June 18, 2014, 3:50 PM HST · Updated June 18, 4:59 PM

Hawaii flag. Photo by Wendy Osher.

By Wendy Osher

The US Department of the Interior today announced a first step to consider re-establishing a government-to-government relationship between the United States and the native Hawaiian community.

Department officials say the action is in response to requests from the native Hawaiian community, Hawaii’s congressional delegation and state leaders.

“The purpose of such a relationship would be to more effectively implement the special political and trust relationship that currently exists between the federal government and the native Hawaiian community,” the announcement said.


Public Meetings across the state run from June 23 through July 8, and include the following upcoming meetings in Maui County:

  • Friday, June 27, from 6 to 9 p.m. at the Lānaʻi Senior Center in Lānaʻi City
  • Saturday, June 28, from 1 to 4 p.m. at Kaunakakai Elementary School on Molokaʻi
  • Saturday, July 5, from 1 to 4 p.m. at Hāna High and Elementary School in East Maui
  • Monday, July 7, from 6 to 9 p.m. at King Kamehameha III Elementary School in Lahaina, Maui
  • Tuesday, July 8, from 6 to 9 p.m. at Pōmaikaʻi Elemenatary School in Kahului, Maui

Governor Neil Abercrombie responded to the news saying, “We look forward to welcoming representatives of the US Departments of the Interior and Justice to discuss ideas for updating federal policy on native Hawaiian self-determination. I commend the Obama Administration for recognizing and supporting native Hawaiians as it works to reconcile its relationship with native Hawaiians at the federal level.”


One hundred years after the overthrow of the Hawaiian Kingdom on Jan. 17, 1893, the US Congress enacted the Apology Resolution, offering an apology to native Hawaiians for the role the US played in the overthrow.

In 2000, the Department of the Interior and the Department of Justice jointly issued a report on the reconciliation process, and identified self-determination for native Hawaiians under federal law as their leading recommendation.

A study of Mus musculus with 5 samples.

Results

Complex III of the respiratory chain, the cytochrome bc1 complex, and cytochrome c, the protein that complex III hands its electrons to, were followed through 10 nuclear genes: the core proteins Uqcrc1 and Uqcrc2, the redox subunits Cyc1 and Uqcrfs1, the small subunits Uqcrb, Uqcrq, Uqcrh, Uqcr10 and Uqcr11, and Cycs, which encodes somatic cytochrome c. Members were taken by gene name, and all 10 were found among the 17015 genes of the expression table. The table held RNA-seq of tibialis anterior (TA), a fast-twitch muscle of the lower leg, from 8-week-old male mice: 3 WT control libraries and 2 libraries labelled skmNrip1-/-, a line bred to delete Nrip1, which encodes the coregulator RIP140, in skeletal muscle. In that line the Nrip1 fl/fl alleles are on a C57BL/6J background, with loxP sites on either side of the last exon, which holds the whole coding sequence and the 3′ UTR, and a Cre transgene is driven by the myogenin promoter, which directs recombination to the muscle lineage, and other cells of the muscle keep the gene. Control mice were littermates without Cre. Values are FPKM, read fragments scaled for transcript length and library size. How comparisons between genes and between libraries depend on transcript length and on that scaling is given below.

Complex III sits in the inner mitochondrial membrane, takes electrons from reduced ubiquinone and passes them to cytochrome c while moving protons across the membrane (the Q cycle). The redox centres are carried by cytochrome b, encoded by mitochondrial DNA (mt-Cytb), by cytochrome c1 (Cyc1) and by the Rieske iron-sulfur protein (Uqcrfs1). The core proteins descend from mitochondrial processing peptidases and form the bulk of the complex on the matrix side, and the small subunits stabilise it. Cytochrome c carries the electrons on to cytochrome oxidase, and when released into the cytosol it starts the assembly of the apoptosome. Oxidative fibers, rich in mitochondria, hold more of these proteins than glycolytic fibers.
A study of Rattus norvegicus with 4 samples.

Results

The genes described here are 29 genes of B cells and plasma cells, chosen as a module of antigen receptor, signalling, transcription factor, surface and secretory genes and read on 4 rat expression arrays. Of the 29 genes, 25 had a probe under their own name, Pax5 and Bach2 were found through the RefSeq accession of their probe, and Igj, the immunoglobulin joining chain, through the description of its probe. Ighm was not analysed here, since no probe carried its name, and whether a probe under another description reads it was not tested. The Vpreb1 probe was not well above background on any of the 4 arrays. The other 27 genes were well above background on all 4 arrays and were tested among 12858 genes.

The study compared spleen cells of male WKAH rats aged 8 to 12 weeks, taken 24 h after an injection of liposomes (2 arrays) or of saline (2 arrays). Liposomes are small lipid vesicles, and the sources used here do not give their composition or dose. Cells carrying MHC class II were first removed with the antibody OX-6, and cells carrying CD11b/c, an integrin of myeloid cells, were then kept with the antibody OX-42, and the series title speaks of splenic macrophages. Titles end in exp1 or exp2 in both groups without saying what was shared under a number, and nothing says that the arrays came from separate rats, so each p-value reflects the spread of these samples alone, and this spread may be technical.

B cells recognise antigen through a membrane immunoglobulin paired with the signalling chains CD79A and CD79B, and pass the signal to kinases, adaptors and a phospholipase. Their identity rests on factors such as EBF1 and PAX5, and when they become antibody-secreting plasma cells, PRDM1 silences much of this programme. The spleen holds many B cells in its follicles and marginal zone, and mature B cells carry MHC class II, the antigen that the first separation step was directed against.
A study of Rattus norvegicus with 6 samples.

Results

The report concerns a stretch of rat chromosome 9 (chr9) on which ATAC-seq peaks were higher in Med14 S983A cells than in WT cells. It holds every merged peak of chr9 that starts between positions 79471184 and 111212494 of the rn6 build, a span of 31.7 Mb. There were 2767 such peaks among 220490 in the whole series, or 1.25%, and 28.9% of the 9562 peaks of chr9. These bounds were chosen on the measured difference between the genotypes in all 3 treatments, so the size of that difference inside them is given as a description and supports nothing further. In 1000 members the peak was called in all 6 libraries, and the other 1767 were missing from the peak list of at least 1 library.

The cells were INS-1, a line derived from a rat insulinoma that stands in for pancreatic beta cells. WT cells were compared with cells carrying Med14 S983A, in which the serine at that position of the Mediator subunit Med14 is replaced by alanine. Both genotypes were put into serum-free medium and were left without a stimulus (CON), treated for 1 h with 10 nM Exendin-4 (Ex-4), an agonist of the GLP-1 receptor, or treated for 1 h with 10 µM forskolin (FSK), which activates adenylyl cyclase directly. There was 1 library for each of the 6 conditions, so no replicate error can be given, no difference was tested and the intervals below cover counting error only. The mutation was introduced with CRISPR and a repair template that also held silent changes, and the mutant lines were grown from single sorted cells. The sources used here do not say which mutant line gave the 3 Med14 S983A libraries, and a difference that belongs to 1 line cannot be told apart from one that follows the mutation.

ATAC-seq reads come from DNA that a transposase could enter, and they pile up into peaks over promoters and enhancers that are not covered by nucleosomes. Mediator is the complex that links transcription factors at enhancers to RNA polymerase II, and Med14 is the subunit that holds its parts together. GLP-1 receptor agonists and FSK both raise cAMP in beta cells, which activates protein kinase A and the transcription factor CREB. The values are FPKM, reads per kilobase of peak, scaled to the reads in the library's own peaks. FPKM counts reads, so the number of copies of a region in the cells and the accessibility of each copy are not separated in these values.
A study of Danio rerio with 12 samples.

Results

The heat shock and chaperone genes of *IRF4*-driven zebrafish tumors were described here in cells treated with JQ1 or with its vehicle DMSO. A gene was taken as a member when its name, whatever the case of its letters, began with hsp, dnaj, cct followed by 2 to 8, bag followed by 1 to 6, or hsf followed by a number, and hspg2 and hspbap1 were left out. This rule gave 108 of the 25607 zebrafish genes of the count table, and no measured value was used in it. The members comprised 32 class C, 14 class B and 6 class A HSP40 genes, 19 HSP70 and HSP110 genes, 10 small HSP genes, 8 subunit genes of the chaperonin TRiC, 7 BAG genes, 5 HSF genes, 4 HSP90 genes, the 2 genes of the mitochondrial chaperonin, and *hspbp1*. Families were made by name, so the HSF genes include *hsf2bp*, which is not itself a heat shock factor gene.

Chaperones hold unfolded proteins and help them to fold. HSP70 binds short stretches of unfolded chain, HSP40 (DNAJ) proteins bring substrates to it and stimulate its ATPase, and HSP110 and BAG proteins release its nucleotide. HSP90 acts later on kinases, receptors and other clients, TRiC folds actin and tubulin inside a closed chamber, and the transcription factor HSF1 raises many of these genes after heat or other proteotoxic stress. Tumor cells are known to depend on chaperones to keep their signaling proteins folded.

The questions that will be raised as a threshold on whether the federal government should reestablish a government-to-government relationship with the native Hawaiian community include the following:

  • Should the Secretary propose an administrative rule that would facilitate the reestablishment of a government-to-government relationship with the Native Hawaiian community?
  • Should the Secretary assist the Native Hawaiian community in reorganizing its government, with which the United States could reestablish a government-to-government relationship?
  • If so, what process should be established for drafting and ratifying a reorganized Native Hawaiian government’s constitution or other governing document?
  • Should the Secretary instead rely on the reorganization of a Native Hawaiian government through a process established by the Native Hawaiian community and facilitated by the State of Hawaiʻi, to the extent such a process is consistent with Federal law?
  • If so, what conditions should the Secretary establish as prerequisites to Federal acknowledgment of a government-to-government relationship with the reorganized Native Hawaiian government?

Additional meetings planned throughout the state include the following:

  • Monday, June 23, from 9 a.m. to 12 p.m. at the Hawaiʻi State Capitol Auditorium in Honolulu on Oʻahu
  • Monday, June 23, from 6 to 9 p.m. at the Waimanalo Elementary and Intermediate School on Oʻahu
  • Tuesday, June 24, from 6 to 9 p.m. at Nānāikapono Elementary School in Waiʻanae on Oʻahu
  • Wednesday, June 25, from 6 to 9 p.m. at Heʻeia Elementary School in Kaneohe on Oʻahu
  • Thursday, June 26, from 6 to 9 p.m. at Makakilo Elementary School in Kapolei on Oʻahu
  • Monday, June 30, from 6 to 9 p.m. at the Waimea Neighborhood Center on Kauaʻi
  • Tuesday, July 1, from 6 to 9 p.m. at Kapaʻa Elementary School on Kauaʻi
  • Wednesday, July 2, from 6 to 9 p.m. at Keaukaha Elementary School in Hilo on Hawaiʻi Island
  • Thursday, July 3, from 10 a.m. to 1 p.m. at the Waimea Community Center on Hawaiʻi Island
  • Thursday, July 3, from 6 to 9 p.m. at Kealakehe High School in Kona on Hawaiʻi Island

As set forth in the Interior Department’s procedure for Advanced Notice of Proposed Rulemaking, the department will welcome comments from leaders and members of the native Hawaiian community and federally recognized Indian tribes, as well as the State of Hawaiʻi, its agencies, other state agencies, and the general public.

Additional consultations planned in Indian Country on the mainland will occur between July 29 and Aug. 7,  and include the following:

  • Tuesday, July 29, from 9 a.m. to 12 p.m. at Mystic Lake Casino Hotel in Prior Lake, Minnesota
  • Wednesday, July 30, from 1 to 4 p.m. at Rushmore Civic Center in Rapid City, South Dakota
  • Friday, August 1, from 9 a.m. to 12 p.m. at Tulalip Resort in Seattle, Washington
  • Tuesday, August 5, from 9 a.m. to 12 p.m. at Talking Stick Resort in Scottsdale, Arizona
  • Thursday, August 7, from 9 a.m. to 12 p.m. at Mohegan Sun in Uncasville, Connecticut

In addition to the public meetings, comments can be submitted online through the Federal eRulemaking Portal beginning later this week, or via US mail, courier, or hand delivery to: Office of the Secretary, Department of the Interior, Room 7329, 1849 C Street NW, Washington, DC 20240. Department officials ask that letters and electronic mail be labeled with the Regulation Identifier Number 1090-AB05 within the text of the message.

***The public will have 60 days from the date of publication in the Federal Register to provide comments on this action.